There is no easy answer to this question. It seems like she is a really important friend to you and you do not want to hurt her feeling! I can see where you are coming from, but by not doing anything you may be hurting her and your friendship more.
You have already identified two possible ways of handling it: talking to her about it or talking to her parents about it. Unfortunately, you are not very happy or at ease with either of them. However in order to address the problem, you may need to do one of these things. It would be almost impossible to address this issue anonymously. Sometimes in life we have to make decisions that we are not really comfortable doing, but we know it is for the best. You are concerned about a friend who may have a serious problem and this cannot go on forever. Stealing is not right and may get her into real trouble.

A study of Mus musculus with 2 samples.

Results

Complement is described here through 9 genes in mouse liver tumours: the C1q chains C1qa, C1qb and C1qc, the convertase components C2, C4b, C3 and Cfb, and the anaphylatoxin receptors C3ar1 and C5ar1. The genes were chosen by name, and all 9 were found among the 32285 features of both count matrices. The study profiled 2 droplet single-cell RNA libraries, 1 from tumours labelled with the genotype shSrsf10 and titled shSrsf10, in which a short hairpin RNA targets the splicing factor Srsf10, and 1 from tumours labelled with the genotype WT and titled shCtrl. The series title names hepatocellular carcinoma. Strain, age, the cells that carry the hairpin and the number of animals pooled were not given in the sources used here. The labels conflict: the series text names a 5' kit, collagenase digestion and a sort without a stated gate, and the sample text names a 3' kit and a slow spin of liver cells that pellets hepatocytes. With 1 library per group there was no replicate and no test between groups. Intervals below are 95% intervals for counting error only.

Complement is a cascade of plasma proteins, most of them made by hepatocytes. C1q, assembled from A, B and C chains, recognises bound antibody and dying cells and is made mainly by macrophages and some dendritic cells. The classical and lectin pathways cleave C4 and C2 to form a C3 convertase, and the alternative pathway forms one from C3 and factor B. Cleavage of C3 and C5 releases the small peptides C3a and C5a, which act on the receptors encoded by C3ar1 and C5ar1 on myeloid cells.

Regardless of whether or not you talk to her or her parents about it, you need to try to do it in a non-threatening way. An example of the start of the conversation can be, "I am concerned about you (or your daughter or son) because I think you (he/she) may have a problem with taking other people's things." Be ready to give examples and listen to her (them) too. She may get mad and walk out or she may admit to it. Either way, you have addressed the problem and she knows you are on to her. This is a start. If she does admit to a problem, you may want to give her suggestions on how she can get help like from her parents, school nurse or guidance counselor. If you talk to her/him about it and do not feel comfortable with the response to the situation, you may want to talk to her parents or your parents about it.
A couple things to remember is that:
Lastly, you mentioned that you think this is common and may be a problem with many teens and their friends. TeenHealthFX and other most specialists believe that stealing is not the norm for most teens. In fact, most teens believe it is wrong and do not participate in this activity.